Last summer I dug out a waterhole for the horses in a spot that satisfied my logical, intellectual brain as the best spot for the purpose.
It was up near the water troughs, so I knew the horses often went to that area and had no issues with the location. It was also right where we already had water draining from the swimming pool run-off all summer long, so that would provide continual water flow to disrupt mosquito larvae. And it was sufficient distance from any of the tree elders, so would not disturb their roots. Sounds like a well thought out, good idea, right?
The horses showed interest, explored it, tested it… and then never used it.
So busy worker bee Jini decided to come out of her rational brain and just sit with the horses and observe… (WHY do I not always remember to do this FIRST?? Deep breath, sending myself love and compassion…)
As I watched and observed and felt into the area from the horses’ perspective, I noticed that the waterhole I dug was actually too close to a blackberry thicket (screens/hides predators) and also too close to the edge of the forest. Of course, it wasn’t close at all from a human perspective! But it was too close from an equine perspective.
I also noticed that, previous to my arrival and interference, the pool runoff area had developed a very functional vegetation-filtration system. Which I had now disturbed, and the whole area was no longer happy. The pool water now seeped more into their pasture land and killed off a section of previously edible forage. What had been a relatively small flooded area, was now a 3 times larger pulpy mess. And the blackberry had doubled in size thanks to additional water supply – thus taking up even more pasture land. Thankfully I had not negatively affected the maple tree elder – whew!
As humans we are not raised/trained to take sufficient time to observe and ponder the multiple domino effects of our actions on any environment or area. We’ve been trained to come up with an idea, trouble-shoot it for difficulties that our logical, limited human brain can perceive, and then ACTION! Even people like me – who are aware of this massive shortcoming, and are actively trying to create a new way of being – find ourselves defaulting to human-centric blundering. Thankfully nature is both forgiving and resilient, and so had fixed the filtration/sequestering problem I created within a year. Thankfully I was wise enough to stop doing, or trying to fix, and just wait and observe nature’s wisdom.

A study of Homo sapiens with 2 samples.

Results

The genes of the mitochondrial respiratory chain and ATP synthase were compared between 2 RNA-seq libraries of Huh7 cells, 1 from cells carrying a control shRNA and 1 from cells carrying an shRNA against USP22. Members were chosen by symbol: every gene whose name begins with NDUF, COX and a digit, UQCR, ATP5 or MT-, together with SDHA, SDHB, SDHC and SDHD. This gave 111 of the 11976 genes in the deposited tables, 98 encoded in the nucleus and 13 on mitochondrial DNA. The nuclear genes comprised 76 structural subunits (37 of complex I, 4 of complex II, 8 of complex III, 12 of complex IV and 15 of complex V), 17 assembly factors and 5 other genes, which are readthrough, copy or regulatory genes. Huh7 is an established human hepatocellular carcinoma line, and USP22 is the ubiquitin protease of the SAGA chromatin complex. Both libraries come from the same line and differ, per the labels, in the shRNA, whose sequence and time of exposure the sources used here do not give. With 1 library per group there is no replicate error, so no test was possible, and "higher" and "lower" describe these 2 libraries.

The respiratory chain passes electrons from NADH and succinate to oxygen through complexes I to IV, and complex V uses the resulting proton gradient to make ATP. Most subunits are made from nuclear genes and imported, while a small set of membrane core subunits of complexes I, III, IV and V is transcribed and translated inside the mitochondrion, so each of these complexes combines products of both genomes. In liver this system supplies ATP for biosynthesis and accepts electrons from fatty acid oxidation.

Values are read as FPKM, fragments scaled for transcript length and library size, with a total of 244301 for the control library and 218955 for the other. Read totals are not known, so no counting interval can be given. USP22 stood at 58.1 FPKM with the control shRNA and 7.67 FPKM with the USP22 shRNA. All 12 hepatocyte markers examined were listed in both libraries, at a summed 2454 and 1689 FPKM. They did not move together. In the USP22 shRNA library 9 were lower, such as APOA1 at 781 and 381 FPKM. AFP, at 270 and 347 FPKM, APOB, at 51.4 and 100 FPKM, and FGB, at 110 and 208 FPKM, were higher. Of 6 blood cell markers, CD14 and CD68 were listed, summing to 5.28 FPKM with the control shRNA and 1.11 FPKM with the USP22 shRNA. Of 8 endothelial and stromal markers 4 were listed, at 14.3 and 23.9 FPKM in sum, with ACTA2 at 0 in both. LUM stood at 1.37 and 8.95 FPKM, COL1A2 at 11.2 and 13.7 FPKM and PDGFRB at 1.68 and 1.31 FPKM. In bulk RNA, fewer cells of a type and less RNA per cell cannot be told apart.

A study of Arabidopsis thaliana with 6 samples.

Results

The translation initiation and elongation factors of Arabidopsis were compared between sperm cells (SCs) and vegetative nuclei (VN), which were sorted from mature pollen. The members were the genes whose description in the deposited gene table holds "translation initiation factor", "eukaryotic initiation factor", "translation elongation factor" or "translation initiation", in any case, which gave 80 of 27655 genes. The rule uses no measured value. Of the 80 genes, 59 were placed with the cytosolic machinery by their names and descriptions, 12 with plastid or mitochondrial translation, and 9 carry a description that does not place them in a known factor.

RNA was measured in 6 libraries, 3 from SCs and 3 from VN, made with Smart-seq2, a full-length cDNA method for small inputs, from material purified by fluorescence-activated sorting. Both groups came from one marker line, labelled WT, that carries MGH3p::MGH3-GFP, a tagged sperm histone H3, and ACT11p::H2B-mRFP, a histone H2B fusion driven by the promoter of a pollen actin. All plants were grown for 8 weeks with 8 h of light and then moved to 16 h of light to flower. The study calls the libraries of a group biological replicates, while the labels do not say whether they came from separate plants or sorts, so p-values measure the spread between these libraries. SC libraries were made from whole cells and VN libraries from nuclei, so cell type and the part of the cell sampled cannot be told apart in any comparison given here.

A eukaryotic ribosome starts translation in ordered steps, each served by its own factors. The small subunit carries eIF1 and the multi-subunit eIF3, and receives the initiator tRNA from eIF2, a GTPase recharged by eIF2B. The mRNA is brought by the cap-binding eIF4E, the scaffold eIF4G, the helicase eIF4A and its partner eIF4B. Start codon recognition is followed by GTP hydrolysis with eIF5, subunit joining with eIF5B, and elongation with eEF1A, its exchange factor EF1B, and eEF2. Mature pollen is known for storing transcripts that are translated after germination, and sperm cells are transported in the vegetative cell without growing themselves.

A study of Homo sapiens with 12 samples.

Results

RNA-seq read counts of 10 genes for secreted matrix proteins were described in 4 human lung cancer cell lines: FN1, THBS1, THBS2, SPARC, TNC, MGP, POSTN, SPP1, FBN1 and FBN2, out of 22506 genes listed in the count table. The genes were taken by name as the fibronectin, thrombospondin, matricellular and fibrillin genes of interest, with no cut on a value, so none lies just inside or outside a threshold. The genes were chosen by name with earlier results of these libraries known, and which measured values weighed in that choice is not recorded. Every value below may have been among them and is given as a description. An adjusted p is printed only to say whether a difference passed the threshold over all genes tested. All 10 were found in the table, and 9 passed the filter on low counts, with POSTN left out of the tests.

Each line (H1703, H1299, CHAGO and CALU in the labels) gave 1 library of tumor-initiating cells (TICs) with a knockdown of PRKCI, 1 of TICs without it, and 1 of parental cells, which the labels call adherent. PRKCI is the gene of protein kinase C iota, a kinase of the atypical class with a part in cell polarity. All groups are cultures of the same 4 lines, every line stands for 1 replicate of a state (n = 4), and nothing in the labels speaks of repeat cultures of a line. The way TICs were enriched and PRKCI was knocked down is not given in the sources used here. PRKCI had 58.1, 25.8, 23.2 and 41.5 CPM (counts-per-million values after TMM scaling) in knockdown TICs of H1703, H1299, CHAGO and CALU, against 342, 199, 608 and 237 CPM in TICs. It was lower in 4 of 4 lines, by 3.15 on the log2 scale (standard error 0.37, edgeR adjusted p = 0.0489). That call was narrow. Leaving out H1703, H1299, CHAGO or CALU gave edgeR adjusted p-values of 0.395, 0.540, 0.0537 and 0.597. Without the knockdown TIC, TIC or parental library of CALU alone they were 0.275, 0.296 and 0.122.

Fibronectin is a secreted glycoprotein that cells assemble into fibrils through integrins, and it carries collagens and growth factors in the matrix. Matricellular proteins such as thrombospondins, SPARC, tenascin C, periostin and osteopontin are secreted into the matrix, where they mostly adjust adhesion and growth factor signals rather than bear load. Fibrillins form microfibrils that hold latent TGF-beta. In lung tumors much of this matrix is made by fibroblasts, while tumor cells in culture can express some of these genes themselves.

This year (I’m getting better at simply watching/observing every year!) I noticed where the horses had naturally chosen a waterhole during fall/winter/spring. I noticed they regularly dug it up with their hooves, to make it a bit deeper and stir up the soil/clay.
So I bought a splitter for the water trough hose, attached another hose and ran it out to that spot. I anchored and protected the hose using rocks from the pasture and the horses haven’t disturbed it once.
By the way, it is SO worth it to invest in a natural rubber hose for your horses’ water. The taste difference between natural rubber and toxic plastic is severe – drink it yourself and see. Especially when the hose gets hot. At the very least, run the water out of your hose so that any water that’s been sitting in the length absorbing plastic chemicals and xenoestrogens, is flushed out before you fill your troughs with fresh flowing water.
Water from a well or rainwater collection are the best sources for water, but if you have to use city water, then use wide water troughs so the chlorine can evaporate more quickly from a larger surface area. Natural rubber hoses also stay intact and working at a much larger temperature range (both hot and freezing) so well worth the added cost. If you have trouble finding one, then check an RV supply store for human-grade water hoses.
The herd now has a year-round waterhole where they can drink mineral-rich water, splash, lie down in, and coat themselves with mud to cool off and repel insects. They will even splash and roll during the winter when it’s just a few degrees above freezing!
We think there’s no mosquito breeding/egg laying because the horses stir/drink frequently, and the hose is often on a slow drip/flow into the waterhole. Interestingly, when most humans dig a waterhole for their horses, we hire a backhoe or excavator and make it at least 3-4 feet deep. BUT I noticed (through doing nothing and WATCHING for a year) that the horses only dug it 18-inches deep with their hooves. I once saw Siyone out there digging for 20 minutes! So I know they could dig it as deep as they needed it, if they wanted to. Using my hard-earned wisdom I decided to leave it exactly as they had designed it, both in width and depth.
As the weather here hit a record high 43 degrees Celcius this summer, they could lie down in it to cool off, and also coat themselves with mud to protect against biting insects. This waterhole makes such a difference to their well-being. Easy-peasy and a total success. All it cost me was the price of a hose and a splitter – and the willingness to simply watch and learn FIRST.